Over the years I had always known that I was ‘quirky’. In the beginning, I didn’t associate myself with this specific term. All I knew was that I didn't exactly fit in. But when people around me began to use this word as a description for myself I began to adapt it. “Happy Birthday, Stay Quirky!” A birthday note from a friend would say. “She’s very quirky,” is a way someone would describe to a guy they wanted to match me with. Quirky can be used positively and negatively in everyday conversation. Sometimes, it means that someone is unique in a good way. Other times, it’s a word people use to politely mask what they really think of you - weirdo.
Being quirky can be a lonely business. Often, it causes not many people being able to understand you, how your mind works or how you operate, and this would result in you having a tough time making connections with people. When you’re odd from the normal ‘culture’ you’re in, you tend to become outcasts from the common wagon, not really fitting in anywhere or not really feeling like you belong any place. This is especially hard when you’re young, when the sense of self and worth has not fully developed just yet. It was certainly hard for me. I spent many years without having anyone that I felt was close enough a friend, and repetitively being with guys who made me feel less, only because I was trying to desperately fit in a mold that was not in the shape of myself. I pretended to enjoy certain things that I didn’t, I said I believed in some things that I didn’t, and I did a lot of things I didn’t fully want because I just wanted to get along. Always in the end, I would just end up questioning what the hell was wrong with me, and feeling bad about myself.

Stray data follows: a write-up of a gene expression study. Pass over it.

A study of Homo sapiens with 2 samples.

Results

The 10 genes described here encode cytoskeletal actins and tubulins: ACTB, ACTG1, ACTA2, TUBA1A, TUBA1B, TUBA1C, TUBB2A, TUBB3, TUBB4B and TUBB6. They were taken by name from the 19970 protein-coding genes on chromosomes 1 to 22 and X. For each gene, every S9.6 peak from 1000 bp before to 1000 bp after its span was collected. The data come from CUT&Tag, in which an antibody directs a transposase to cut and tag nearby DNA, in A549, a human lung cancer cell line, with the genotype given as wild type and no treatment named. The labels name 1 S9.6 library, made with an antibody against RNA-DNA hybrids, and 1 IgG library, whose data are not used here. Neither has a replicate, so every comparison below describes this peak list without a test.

The good news is I certainly do feel that it gets better with age. You’ll end up finding friends who are accepting of what you are without criticizing your personality. You’ll find men who love you and want to be with you because of your quirks, not despite it. You’ll slowly shed the constant need to prove that you’re okay because your need for validation by others would decrease as you get older. You’ll give yourself permission to just be happy with who you are even when it doesn’t fit the generic module.
A lot of the amazing, adventurous, significant things that have happened in my life were driven by that odd part of me - and I don’t think they would’ve happened otherwise. Most importantly, you’ll find the bravery to be different, to live your life exactly how you’re designed and destined for. This may mean letting go of certain ideas and losing certain people along the way. But that’s okay. The right ones would come naturally and complement your own puzzle.
So don’t worry if you’re quirky. You’ll find that it is the best part of what you are, eventually.